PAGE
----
In recent weeks, I've heard a lot of complaints regarding the Microsoft Office productivity suite-not regarding features, but on cost. Office is an amazing set of products. I truly believe Excel and Outlook are great software. However, outfitting each computer at a small business with $400 worth of software starts to weigh on the finances.
I'm a big fan of capitalism and haven't yet come to terms with the economics of open source software (OSS) or freely available software. Software (and any media producer for that matter) firms should be able to charge a fair price for the tools they create. Microsoft is one of the great success stories of our time and Office is a large contributor to their current market position. That's capitalism!
This is easy to swallow when some large company is footing the bill. However, at home or in the small business, $400 seems a bit much. One friend astutely pointed out, "That's almost more than I paid for the damn computer!" That's why I think it's time to publicize an alternative to Microsoft Office: Open Office.
Open Office is an open source software (OSS), freely downloaded office suite. It comes complete with a document editor, a spreadsheet application, a presentation editor, a drawing tool, and a database. Developed primarily as a productivity suite solution for the alternative operating system Linux, Open Office is also available for the Windows platform.
A second compelling feature is Open Office documents and spreadsheets are completely compatible with Microsoft Office document formats. By this I mean one can open a Microsoft Word document and edit it using Open Office tools. This is also possible with Microsoft Excel spreadsheets. Further, one can author a spreadsheet with Open Office, save it in the Microsoft Excel format, and have that spreadsheet function just like normal for the recipient. Finally, as I alluded to previously, the best feature of Open Office is the cost: $0! One could run this application suite on each and every desktop in a small business for the whopping sum of $0!
So, you're now likely saying to yourself, why haven't I heard about this before? What are the downsides? Well, there are downsides but I think you'll feel the benefits outweigh the costs.
Not for hardcore users
In My Opinion (IMO), Open Office is not for the hard core author, CPA, or sales presenter. It's rather obvious Open Office takes most of its design and functionality from Microsoft Office products but comes up slightly short on usability. It's a copy. A reverse engineering job. It will take some time and effort to learn the little idiosyncrasies with Open Office. It is not what one is used to. It's a change from the norm. However, if you're a light user with a need to compose documents only a few pages in length or some simple spreadsheet calculations, your environment might benefit from incurring the Open Office learning curve.
No Personal Information Manager (PIM)
Open Office lacks an Outlook-style email, contacts, calendar, and tasks organization application. If you're not using Outlook currently, this won't be an issue. Alternatively, one could use the freely-available Outlook Express or the new freely-available Mozilla Thunderbird email client.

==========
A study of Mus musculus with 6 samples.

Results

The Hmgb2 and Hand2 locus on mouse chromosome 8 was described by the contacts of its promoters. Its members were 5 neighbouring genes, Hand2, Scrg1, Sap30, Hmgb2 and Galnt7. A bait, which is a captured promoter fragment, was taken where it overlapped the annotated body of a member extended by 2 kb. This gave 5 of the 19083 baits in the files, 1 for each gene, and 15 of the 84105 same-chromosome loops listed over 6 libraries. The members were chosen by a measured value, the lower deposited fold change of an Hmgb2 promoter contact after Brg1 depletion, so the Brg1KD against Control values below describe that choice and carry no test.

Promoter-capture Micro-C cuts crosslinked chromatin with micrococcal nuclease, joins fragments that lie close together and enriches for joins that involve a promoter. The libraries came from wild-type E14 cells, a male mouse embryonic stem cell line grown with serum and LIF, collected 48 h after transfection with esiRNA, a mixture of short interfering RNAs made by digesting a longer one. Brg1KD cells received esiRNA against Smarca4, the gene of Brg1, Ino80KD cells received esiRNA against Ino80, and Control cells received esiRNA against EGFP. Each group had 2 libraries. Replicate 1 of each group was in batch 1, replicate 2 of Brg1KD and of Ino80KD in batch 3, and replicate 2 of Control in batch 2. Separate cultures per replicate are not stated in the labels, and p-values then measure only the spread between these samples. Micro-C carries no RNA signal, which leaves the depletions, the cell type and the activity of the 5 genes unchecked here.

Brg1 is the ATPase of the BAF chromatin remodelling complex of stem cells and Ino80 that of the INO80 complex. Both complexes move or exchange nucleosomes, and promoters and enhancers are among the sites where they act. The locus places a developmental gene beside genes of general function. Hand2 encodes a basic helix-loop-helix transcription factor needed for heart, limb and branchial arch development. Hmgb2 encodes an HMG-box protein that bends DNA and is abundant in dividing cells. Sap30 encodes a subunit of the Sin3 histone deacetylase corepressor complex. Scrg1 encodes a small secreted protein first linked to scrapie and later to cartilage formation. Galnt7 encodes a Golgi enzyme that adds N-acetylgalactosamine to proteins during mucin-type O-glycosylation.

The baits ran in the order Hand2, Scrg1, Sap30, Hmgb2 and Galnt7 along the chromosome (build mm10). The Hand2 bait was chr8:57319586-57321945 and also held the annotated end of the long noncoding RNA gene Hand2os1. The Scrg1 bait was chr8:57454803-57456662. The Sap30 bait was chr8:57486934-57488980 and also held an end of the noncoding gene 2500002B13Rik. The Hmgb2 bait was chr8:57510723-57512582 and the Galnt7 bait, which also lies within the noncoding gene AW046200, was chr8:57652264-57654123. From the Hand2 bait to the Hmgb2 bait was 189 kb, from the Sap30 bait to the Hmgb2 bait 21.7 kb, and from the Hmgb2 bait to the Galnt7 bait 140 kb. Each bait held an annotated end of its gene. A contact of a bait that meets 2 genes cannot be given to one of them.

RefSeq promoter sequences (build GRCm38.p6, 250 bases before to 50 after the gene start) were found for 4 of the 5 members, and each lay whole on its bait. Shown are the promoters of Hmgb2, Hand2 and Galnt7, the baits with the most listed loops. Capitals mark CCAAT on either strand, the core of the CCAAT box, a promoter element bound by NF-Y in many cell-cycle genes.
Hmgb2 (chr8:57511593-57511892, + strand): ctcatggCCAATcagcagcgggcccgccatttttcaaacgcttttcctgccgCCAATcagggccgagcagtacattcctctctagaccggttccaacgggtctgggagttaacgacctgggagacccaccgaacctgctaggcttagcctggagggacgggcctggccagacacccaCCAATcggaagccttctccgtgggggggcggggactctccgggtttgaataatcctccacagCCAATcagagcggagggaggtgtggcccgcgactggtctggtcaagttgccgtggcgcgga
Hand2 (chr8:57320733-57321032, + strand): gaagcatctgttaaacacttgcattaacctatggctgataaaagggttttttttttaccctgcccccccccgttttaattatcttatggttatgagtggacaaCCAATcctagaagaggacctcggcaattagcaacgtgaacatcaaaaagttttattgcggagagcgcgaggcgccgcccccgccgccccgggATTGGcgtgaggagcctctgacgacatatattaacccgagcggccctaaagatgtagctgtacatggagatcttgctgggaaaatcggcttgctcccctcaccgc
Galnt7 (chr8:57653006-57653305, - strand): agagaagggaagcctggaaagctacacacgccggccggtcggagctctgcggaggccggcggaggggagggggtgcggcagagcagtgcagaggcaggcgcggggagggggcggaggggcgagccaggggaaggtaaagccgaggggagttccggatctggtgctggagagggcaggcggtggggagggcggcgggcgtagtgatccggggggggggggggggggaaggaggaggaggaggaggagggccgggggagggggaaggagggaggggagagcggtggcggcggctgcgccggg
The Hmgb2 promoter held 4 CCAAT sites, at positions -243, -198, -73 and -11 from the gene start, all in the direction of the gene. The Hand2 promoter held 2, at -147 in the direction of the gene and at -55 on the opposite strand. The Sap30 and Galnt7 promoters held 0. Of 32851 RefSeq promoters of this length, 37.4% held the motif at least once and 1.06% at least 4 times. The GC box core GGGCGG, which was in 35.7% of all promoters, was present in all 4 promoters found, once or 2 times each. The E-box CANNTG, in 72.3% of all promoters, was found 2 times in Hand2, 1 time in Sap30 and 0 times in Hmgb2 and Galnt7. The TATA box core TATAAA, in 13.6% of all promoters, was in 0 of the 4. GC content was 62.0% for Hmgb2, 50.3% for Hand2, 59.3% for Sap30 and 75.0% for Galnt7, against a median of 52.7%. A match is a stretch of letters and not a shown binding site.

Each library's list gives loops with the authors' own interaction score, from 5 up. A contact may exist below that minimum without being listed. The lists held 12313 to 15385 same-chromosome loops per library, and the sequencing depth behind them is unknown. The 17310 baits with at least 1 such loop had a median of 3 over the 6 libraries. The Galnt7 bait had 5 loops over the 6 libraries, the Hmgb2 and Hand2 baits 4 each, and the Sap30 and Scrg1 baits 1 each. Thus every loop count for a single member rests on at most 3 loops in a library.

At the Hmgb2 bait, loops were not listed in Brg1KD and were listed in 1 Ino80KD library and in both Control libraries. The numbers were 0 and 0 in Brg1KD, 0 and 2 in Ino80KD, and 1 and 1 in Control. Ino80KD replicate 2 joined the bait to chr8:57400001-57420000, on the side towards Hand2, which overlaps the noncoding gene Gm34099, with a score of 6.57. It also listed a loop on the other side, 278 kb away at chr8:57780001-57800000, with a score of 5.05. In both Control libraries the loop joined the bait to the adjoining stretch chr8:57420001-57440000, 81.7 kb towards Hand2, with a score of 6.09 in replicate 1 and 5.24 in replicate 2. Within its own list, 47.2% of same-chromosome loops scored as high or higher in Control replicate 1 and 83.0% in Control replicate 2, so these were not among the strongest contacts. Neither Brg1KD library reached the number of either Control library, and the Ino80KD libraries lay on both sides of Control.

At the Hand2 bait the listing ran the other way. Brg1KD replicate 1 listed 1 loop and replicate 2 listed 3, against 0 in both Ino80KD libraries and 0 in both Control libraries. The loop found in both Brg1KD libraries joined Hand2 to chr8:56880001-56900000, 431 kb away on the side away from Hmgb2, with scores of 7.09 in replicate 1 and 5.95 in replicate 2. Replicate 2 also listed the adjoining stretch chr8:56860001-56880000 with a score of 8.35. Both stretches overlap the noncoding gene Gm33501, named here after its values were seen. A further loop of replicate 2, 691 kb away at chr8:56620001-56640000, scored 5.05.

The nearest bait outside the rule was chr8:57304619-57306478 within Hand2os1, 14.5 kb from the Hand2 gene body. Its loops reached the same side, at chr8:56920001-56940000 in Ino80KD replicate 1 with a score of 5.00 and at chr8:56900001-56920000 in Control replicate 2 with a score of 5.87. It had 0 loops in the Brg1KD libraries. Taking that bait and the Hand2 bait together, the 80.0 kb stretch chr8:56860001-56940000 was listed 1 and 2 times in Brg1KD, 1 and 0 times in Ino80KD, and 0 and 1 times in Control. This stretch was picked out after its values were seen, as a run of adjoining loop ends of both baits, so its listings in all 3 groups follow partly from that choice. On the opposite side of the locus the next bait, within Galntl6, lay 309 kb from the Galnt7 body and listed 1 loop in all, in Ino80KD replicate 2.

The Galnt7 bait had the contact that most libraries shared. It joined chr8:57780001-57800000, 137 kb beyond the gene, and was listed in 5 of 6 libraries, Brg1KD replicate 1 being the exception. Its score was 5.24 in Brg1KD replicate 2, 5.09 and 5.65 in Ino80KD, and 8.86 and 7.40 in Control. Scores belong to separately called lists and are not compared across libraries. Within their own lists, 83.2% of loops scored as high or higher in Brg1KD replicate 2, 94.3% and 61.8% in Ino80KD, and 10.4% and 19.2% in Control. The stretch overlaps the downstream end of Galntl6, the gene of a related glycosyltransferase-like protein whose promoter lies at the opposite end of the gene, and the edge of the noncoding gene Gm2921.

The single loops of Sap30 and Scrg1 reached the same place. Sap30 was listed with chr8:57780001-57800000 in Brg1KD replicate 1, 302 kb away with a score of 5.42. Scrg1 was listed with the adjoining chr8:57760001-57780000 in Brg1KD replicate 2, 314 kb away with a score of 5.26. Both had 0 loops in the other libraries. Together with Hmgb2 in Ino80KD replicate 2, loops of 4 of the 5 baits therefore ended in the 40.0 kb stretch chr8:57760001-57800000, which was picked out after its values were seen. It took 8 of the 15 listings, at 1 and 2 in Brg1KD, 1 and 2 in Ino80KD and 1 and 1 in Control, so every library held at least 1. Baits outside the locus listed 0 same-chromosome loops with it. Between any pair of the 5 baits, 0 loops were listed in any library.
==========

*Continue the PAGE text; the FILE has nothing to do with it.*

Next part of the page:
Installation and configuration
Microsoft spends tremendous amounts of time and money attempting to make their products easy to install. Somewhat in contrast, Open Office needs to be downloaded from openoffice.org and unzipped from a compressed file. The installation is fairly straightforward but a little rough. Finally, there is the effort of configuring this tool to act just like your existing Office applications. This isn't rocket science but probably not a comfortable task for someone unversed in experimenting with new software. You will need to judge your comfort level and weigh that against the benefits.
Related to the above, support is an issue. Support does exist but likely not in the manner in which someone from outside the technology community would expect. Because this is an OOS product, volunteers or company-sponsored representatives monitor discussion posts in order to help users. In some aspects, you get what you pay for. Because you won't pay a dime for Open Office, you also won't receive any in-person contact or even a personal email.
However, this also may not be a concern. I witness a lot of complaints regarding paid or commercial software support. It is often difficult to get someone on the phone or receive personal attention when attempting to resolve a support issue. Commercial firms offering support don't always deliver.
If you are particularly technology or computer savvy or have this type of resource easily accessible which you could lean on, this lack of traditional support may not be a concern. Also, in my experience, the on-line discussion format support avenues can be timely and effective-at times exceeding levels from commercial firms.
While seemingly in conflict with good old American capitalism, Open Office promotes the true spirit of free enterprise through consumer choice. In the past, there were Office alternatives but none which stuck with the current document standards (Office) and none which were so reasonably priced.
Open Office 1.1.3 is available using the links below. You can install and evaluate it all while keeping Office installed. There are no conflicts. Additionally, Open Office 2.0 will arrive soon which improves on usability, installation, and Office integration (http://marketing.openoffice.org/2.0/featureguide.html). Waiting for this next release may ease anxiety in a transition.
Full list of features: http://www.openoffice.org/dev_docs/features/1.1/index.html
Download site: http://download.openoffice.org/1.1.3/index.html
BTW, I composed this document using Open Office 1.1.3!